LTCH

What Went Wrong With Latch Stock?

2020 and 2021 were the years of the SPAC. Called special purpose acquisition companies, these investment vehicles helped hundreds of companies go public quickly in the post-pandemic stock boom. A lot of these stocks put out huge investor presentations saying they would grow revenue in the triple-digits for the foreseeable future, garnering expensive valuations in the process. One of these stocks was Latch (NASDAQ: LTCH), a smart-lock technology company for apartment buildings. But investors have soured on the stock as it has failed to meet its growth projections.

In less than a year, Latch stock has fallen around 80% from its SPAC merger price, and now sits at only $2.13 a share at the time of this writing. What went wrong for Latch in the last 12 months?

A person touching a smart-lock on a door.

Image source: Getty Images

Growth and margins below expectations

Latch is a hardware and software company that serves residential apartment buildings with smart-lock technology. Landlords pay the company a monthly subscription fee so residents can lock and unlock their doors through their smartphones, saving them time and money managing the building while also making it more secure.

In its SPAC investor presentation, Latch outlined its goal of serving millions of apartment units around the country, expecting to generate close to $1 billion in net revenue in 2025. It also said it would generate $250 million in annual free cash flow that year. A lot of this free cash flow would come from the $412 million in net software revenue Latch projected in 2025, which was a huge leap from the $4 million it generated in 2020.

So far, these expectations have proven to be optimistic. In 2021, Latch only generated $41.4 million in revenue, well below the $49 million goal it set in its investor presentation. This year it expects to generate $75 million-$100 million in sales, compared to its $173 million goal less than a year ago.

On the margin front, Latch originally expected cost of revenue to decline to 69% of net revenue in 2022 as its high-margin software business scaled up. In Q1 of 2022, cost of revenue was only slightly less than revenue, meaning that Latch has abysmally low gross margins at the moment. With high operating expenses of $51 million, this led to a net loss of $44 million in Q2 alone.

Macroeconomic headwinds

Why have Latch's financials been below expectations? The simple answer could be that management was too optimistic. I think this played a role. But another factor in slowing down growth is the macroeconomic environment.

Latch doesn't start generating software revenue from customers until a building is finished and becomes operational. With supply chains creating construction delays across the country, many of the buildings Latch expected to be finished by now are still under construction and therefore not generating revenue. This is putting pressure on the company as it continually misses its growth expectations.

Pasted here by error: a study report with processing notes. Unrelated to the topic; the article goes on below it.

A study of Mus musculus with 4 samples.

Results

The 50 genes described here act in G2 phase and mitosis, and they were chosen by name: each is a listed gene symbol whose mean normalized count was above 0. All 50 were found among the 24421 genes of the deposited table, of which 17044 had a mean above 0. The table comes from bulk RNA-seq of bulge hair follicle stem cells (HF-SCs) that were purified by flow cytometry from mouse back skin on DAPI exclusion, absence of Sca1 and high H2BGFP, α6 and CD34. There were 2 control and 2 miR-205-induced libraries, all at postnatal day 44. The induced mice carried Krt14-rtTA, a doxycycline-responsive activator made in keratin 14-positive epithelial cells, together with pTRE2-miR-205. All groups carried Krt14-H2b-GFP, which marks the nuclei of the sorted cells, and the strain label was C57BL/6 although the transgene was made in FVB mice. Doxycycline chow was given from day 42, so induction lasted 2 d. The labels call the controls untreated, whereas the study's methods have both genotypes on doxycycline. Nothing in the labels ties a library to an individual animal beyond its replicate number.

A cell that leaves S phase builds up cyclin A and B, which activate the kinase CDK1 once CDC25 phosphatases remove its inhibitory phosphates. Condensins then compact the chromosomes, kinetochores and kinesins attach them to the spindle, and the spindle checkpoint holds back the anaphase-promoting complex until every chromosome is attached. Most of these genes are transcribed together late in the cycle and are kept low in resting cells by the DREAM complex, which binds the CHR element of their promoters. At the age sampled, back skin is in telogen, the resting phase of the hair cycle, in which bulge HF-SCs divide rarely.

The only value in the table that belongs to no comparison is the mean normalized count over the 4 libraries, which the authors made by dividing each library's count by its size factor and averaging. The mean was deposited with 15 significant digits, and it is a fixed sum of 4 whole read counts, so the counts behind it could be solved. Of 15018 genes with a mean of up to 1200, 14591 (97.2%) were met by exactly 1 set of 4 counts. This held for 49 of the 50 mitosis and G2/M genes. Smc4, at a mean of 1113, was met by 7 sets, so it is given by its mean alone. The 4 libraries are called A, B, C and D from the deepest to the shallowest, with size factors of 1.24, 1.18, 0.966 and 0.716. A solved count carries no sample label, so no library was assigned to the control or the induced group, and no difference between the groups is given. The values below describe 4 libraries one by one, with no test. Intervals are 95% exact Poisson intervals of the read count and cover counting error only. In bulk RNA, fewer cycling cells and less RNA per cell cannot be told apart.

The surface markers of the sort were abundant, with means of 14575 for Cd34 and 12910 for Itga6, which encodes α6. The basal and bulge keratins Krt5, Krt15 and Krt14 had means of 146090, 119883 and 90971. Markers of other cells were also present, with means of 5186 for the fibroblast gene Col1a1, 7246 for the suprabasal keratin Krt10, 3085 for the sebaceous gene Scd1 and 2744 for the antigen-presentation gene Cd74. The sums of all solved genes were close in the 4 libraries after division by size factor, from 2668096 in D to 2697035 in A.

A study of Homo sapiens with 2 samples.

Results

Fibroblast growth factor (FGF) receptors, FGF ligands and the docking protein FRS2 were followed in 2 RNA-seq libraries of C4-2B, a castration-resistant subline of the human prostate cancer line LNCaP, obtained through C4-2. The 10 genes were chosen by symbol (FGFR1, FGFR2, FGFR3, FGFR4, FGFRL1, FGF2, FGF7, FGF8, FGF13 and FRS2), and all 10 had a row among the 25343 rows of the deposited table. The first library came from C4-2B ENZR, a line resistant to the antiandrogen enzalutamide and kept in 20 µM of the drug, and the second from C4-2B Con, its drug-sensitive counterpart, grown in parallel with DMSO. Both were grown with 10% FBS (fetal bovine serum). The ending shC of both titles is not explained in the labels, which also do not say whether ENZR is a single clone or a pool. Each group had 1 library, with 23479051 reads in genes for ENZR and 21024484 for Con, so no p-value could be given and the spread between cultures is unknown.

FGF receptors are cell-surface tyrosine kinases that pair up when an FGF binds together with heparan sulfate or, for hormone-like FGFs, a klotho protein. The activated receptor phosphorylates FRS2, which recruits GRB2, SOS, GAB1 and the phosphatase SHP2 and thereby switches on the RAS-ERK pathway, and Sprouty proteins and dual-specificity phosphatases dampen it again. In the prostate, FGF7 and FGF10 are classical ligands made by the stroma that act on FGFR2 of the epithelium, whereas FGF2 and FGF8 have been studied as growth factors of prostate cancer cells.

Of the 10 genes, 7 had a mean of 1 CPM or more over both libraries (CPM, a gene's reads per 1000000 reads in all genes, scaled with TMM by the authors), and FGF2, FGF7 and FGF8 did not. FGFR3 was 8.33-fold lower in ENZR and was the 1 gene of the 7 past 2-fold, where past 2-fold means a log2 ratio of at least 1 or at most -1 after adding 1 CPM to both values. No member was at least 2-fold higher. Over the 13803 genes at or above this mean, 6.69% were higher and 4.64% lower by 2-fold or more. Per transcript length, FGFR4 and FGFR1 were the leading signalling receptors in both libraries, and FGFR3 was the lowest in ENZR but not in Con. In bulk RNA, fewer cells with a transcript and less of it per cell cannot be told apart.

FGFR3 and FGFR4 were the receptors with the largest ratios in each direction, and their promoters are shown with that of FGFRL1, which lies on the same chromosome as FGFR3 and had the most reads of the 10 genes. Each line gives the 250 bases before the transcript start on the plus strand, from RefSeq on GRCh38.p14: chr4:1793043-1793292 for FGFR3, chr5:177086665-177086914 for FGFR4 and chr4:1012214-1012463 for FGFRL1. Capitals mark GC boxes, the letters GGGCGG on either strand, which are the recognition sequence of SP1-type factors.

Staff reductions

With huge losses each quarter, Latch is one pace to blow through its SPAC investment within a few years. To mitigate these pressures until it reaches enough scale to generate positive cash flow, the company has had to cut back on its workforce through layoffs.

Earlier in May, the start-up cut 30 people -- approximately 6% of its staff -- in a widespread layoff. Then, around a week ago, management announced an even bigger layoff of 130 people, or 28% of its staff. These are huge cuts that will save an estimated $40 million in costs a year.

While this will be good for the bottom line, large layoffs are usually a sign of desperation and that things are not going according to plan. I think we can assume that is happening with Latch, and is a big reason the stock is barely above $2 a share at the moment.

Don't give up on Latch just yet

Things look dire at Latch right now, but I don't think investors should disregard the business. It is still growing revenue at a fast pace of over 100% year-over-year, and seems to have found great product fit within apartment buildings. It also has a huge cash pile to help it weather any downturn without running the risk of bankruptcy anytime soon.

If Latch is able to go through this tough period and come out intact on the other side, the stock could become very attractive given the huge market opportunity it is going after. Of course, we don't know what will happen over the next few quarters, but I think it would be smart to at least keep Latch stock on the watchlist for now.


The views and opinions expressed herein are the views and opinions of the author and do not necessarily reflect those of Nasdaq, Inc.